Relating to the Scripture
- Alma the Younger in his old age is proud to all but his youngest son Corianton. Along with some choice words for his conduct and how it affected their missionary work, he also tells him that despite what he has done he can ask the Lord for forgiveness, and reaffirms that Corianton is his son.
- Alma the Elder's response to his rebellious son waking up from his coma.
- Jesus Christ arriving in the Americas and ministering to the Nephites. He calls apostles, heals those who need it, and blesses the children. The aftermath is peace for quite a long time.
Coming from a Broadway Musical by Matt Stone and Trey Parker (creators of South Park) and filled with all kinds of naughty language, violence, and more, you wouldn't expect there to be as many heartwarming moments as there are.
- In the beginning of "Tomorrow Is a Latter Day", Elder Price gives an inspirational speech about how no matter what they do, they can all work together to make the world a better place. Elder Cunningham then asks, "You mean... You want to... stay here with me?" Elder Price then says, "I'd do anything for you, you're my best friend," and reprises an even sweeter version of "I Am Here for You," in which Elder Cunningham joins in.
- The speech itself is also pretty great.
- It helps that when Price reprises "I Am Here for You," Arnold runs to hug him, and rather than stiffen as he did when they were first paired together in Act One, he warmly hugs him back.
- In fact, all of "Tomorrow Is a Latter Day" is heartwarming. Everyone's faith is renewed, the missionaries learn to stop repressing their unwanted emotions and instead "let all [their] feelings out", and Mormons and Ugandans alike agree to work together, support each other, and be happier overall.
- At the end, the Ugandans change "Hasa Diga, Eebowai" (Fuck you, God), to "Ma ha nei bu, Eebowai" (THANK you, God).
- "I'd do anything for you. You're my best friend."
- The song "I Am Here for You". Particularly when Price, who hasn't entirely warmed up to Cunningham yet, tells him he thinks Cunningham's dad should be proud of him already.
- Moments of "Baptize Me" that show the cute romantic relationship between Elder Cunningham and Nabulungi.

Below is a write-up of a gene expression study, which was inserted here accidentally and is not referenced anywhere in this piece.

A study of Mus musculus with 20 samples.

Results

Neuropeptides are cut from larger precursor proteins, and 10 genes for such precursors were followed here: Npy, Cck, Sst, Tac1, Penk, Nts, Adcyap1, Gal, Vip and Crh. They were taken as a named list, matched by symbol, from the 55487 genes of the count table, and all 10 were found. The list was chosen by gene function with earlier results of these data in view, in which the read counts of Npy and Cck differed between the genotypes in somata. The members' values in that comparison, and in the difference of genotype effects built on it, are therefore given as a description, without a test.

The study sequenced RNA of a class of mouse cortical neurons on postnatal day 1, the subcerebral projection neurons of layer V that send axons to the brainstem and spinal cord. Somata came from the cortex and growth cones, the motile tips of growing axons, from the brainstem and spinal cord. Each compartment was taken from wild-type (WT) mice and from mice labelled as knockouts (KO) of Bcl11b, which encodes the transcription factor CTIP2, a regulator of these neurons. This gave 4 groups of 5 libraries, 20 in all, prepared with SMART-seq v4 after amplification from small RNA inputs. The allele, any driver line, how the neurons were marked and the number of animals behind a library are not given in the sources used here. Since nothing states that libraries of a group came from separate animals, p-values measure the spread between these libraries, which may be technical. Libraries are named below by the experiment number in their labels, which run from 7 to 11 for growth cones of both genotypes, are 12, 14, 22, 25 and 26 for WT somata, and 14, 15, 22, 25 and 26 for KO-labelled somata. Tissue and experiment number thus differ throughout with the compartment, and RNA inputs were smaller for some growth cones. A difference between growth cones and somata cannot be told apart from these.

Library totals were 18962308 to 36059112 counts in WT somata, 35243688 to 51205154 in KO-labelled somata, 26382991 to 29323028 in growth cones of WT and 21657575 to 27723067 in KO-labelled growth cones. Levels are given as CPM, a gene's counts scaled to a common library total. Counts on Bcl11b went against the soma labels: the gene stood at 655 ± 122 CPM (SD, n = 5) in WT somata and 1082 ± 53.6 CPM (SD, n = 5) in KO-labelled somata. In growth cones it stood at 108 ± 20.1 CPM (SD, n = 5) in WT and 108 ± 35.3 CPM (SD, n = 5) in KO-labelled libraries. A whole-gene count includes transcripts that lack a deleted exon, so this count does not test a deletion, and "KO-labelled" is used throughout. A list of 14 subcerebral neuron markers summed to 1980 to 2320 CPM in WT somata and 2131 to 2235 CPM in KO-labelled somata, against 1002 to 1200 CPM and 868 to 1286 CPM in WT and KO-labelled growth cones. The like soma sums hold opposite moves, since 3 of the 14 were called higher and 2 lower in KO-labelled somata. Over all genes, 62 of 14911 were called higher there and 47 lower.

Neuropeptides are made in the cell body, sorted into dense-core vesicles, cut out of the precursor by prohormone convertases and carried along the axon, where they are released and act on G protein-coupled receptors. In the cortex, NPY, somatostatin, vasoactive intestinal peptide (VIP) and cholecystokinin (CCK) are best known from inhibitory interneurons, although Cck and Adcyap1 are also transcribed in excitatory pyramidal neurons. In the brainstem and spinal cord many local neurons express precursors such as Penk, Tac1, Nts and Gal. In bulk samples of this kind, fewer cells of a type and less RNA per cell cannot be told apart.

Cunningham: A special kind of girl, who makes my heart kind of flutter. And makes my eyes kind of blur. I can't believe I'm about to baptize her!
Nabulungi: [later] Never known a boy so gentle. One like him is hard to find. A special kind, who makes my heart kind of flutter, like a moth in a cocoon. I hope he gets to baptize me soon!
- As he's dying, Joseph Smith asks God why he wasn't allowed to prove he was telling the truth and show people the golden plates. This leads to a rather profound (and still funny) moment.
Smith: They'll have no proof I was telling the truth or not. They'll have to believe it just... 'cause. Oh! I guess that's kind of what you were going for...
- Nabulungi as a character in general. She lives in poverty and constant fear of warlords, has lost her mother, and is surrounded by villagers who have understandably grown jaded with their horrible conditions... and as a result is kind, spirited, curious and friendly to everyone she meets. Her relationship with Elder Cunningham is as sweet as one can imagine.
- In a dark way, Mafala Hatimbi's protectiveness of Nabulungi in this verse of "Hasa Diga Eebowai":
- Meta: Nikki M. James wins the Tony Award for Best Featured Actress in a Musical and thanks her cast and crew. Even the unflappably snarky Stone and Parker look ready to cry.
- "I Believe", while acknowledging the ridiculous things religion teaches, still says to be a good person if that's what you learn from your beliefs.